March 9, 2015 Title Fight – Hyperview (Album Review)
Kingston, Pennsylvanian Punk Rock outfit Title Fight have been together since 2003 when the initially formed as a three-piece with Jamie Rhoden on guitar and vocals and twin brothers Ned and Ben Russin on bass and drums. Adding second guitarist Shane Moran in 2005, the band have released a slew of EPs and albums, as well as toured worldwide building there name. Now in 2015 they return with their follow up to 2012’s Floral Green on their third full-length release entitled Hyperview. Marking their first album with new label Anti-Records, Hyperview see’s the band working with long-time producer Will Yip once again for a ten track album clocking in at a little over thirty months. It’s not an especially long album, but it’s enough to convince the listener of the quality the music has.
Opening track “Murder Your Memory” is calm and slow, featuring soft voices, offering a smooth start to a smooth album. The song “Chlorine” continues the mellow pace, and with its no-stress attitude, takes the heaviness out of daily life and helps the listener to relax as steady beats and easy melodies ebb and flow in the background. Quite an interesting piece, “Hypernight” has a broad sound, with a melody that seems almost to fade into space. With its lack of clear edges, the song is unconfined, yet compelling at the same time. “Mrahc” picked up the pace, with a catchy, lively beat that is easy to sing and tap along to. In contrast, “Your Pain Is Mine Now” returns to the slow and mellow pattern Title Fight favors for most of Hyperview. Other tracks like “Rose Of Sharon” are addictive and melodic, likely to get stuck in the listener’s head. Where “Trace Me Onto You” is slightly more speedy, with Rhoden’s vocals soft and blending into the background. Even when focusing on the vocals of the track, it is still difficult to grasp every word. Then “Liar’s Love” places strong emphasis on the guitar, although Rhoden’s voice shines bright as well. Catchy and a little louder, this song is like a countdown to the end of Hyperview. This leads into “Dizzy” which starts out with a drum check and guitar strums one would hear during a studio soundcheck. Thereafter the melody breaks through, slow and smooth again, all the way through remainder of the song. Finally, “New Vision” closes Hyperview and behaves like a wake-up call. With this track, the listener can now rise from their meditation and join the real world again, taking a stretch here and a deep breath there before Hyperview dissolves beautifully.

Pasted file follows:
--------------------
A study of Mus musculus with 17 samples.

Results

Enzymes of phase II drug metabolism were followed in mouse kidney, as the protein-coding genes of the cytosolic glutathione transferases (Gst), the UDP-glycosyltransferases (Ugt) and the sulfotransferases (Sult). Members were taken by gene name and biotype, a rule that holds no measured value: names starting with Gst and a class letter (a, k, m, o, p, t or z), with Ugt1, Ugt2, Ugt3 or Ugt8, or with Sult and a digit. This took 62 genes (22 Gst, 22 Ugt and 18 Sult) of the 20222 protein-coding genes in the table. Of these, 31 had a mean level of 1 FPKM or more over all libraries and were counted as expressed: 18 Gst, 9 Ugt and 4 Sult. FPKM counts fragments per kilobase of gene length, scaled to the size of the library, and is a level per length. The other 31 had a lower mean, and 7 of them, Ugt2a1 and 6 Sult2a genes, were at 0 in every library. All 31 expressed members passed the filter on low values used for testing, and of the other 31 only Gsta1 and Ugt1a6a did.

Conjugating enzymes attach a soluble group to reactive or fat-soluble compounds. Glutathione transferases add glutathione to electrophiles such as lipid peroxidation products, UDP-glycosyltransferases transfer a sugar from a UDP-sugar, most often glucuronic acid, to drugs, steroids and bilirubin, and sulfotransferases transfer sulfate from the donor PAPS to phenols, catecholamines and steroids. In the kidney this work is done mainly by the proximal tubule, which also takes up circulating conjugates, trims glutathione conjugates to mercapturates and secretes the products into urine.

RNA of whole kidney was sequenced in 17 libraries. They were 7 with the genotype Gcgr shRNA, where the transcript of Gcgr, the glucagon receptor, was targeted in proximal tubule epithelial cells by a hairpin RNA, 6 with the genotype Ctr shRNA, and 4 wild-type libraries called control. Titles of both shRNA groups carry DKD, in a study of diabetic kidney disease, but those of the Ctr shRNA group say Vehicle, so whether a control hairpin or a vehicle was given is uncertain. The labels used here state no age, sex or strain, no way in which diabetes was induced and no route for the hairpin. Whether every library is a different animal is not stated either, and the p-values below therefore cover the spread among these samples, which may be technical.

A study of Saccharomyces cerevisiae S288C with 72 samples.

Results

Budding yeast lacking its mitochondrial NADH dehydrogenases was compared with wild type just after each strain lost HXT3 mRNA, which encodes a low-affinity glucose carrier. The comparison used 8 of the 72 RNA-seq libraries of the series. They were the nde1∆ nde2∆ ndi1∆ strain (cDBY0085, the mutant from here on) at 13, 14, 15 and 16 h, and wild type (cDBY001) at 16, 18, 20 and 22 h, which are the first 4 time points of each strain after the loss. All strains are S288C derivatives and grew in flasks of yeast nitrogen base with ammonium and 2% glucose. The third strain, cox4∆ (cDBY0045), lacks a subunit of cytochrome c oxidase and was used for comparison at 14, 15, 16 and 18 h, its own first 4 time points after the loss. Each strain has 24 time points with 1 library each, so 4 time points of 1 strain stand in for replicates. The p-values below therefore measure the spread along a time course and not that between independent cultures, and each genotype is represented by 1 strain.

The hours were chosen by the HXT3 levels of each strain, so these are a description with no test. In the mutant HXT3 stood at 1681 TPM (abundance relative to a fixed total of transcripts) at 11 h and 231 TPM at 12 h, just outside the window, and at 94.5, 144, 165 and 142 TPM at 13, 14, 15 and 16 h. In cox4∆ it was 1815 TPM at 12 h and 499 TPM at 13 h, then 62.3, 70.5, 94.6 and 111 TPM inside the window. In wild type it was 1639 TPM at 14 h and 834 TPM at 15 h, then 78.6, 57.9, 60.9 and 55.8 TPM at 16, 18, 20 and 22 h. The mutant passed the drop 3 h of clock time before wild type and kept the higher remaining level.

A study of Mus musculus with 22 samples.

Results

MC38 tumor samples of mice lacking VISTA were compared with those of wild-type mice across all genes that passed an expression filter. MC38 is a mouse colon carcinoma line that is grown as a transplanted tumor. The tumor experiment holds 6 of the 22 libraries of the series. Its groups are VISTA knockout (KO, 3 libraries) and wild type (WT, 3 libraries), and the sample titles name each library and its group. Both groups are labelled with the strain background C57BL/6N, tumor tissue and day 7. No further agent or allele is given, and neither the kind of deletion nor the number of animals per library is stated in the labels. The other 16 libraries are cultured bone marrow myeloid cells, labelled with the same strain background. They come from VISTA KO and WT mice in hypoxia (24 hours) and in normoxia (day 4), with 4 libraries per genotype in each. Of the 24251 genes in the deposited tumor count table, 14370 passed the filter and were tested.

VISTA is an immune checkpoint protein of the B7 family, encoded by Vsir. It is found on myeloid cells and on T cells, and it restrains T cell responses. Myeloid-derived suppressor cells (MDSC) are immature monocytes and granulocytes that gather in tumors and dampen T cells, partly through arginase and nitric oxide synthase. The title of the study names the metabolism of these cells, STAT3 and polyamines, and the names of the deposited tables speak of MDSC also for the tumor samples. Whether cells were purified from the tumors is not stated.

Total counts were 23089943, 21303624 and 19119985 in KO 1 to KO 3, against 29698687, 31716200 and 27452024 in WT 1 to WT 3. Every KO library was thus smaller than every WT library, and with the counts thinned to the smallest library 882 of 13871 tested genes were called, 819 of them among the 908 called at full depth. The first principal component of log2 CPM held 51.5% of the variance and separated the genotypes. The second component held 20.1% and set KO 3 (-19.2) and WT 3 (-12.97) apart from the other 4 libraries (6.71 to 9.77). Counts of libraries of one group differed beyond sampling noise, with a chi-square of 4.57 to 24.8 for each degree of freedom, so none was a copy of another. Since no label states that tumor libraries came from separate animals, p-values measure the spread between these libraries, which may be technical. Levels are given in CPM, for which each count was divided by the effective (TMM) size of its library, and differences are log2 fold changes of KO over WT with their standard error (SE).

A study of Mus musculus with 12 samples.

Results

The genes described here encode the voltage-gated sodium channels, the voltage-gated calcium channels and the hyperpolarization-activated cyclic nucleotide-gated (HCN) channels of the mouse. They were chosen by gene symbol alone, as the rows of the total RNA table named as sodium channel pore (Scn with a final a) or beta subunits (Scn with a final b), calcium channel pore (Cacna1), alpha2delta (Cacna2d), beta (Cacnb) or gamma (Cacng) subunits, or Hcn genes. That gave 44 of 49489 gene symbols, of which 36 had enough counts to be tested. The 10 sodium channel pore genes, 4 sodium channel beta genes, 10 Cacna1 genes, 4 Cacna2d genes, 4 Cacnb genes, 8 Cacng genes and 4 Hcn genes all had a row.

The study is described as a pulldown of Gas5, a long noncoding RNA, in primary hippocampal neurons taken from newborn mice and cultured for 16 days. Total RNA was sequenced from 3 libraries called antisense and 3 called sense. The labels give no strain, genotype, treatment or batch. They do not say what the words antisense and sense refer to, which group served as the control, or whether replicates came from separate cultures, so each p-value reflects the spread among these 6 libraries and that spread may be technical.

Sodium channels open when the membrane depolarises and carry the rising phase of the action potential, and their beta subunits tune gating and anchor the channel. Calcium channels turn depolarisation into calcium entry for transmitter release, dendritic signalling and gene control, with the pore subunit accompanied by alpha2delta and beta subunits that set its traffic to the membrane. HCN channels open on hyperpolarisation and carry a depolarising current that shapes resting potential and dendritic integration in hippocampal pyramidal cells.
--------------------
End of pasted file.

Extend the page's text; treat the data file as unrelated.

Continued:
Hyperview is vastly different than anything Title Fight has done prior. Essentially this album takes a step away from Punk Rock, creating a mellow vibe, opposed to rough and loud. So as they explore one may say a new era has begun for the guys of Title Fight. After their wild youth, calm and thoughtful adulthood has set in, or so it seems when listening to mature sounds of Hyperview. CrypticRock gives Hyperview 3 out of 5 stars.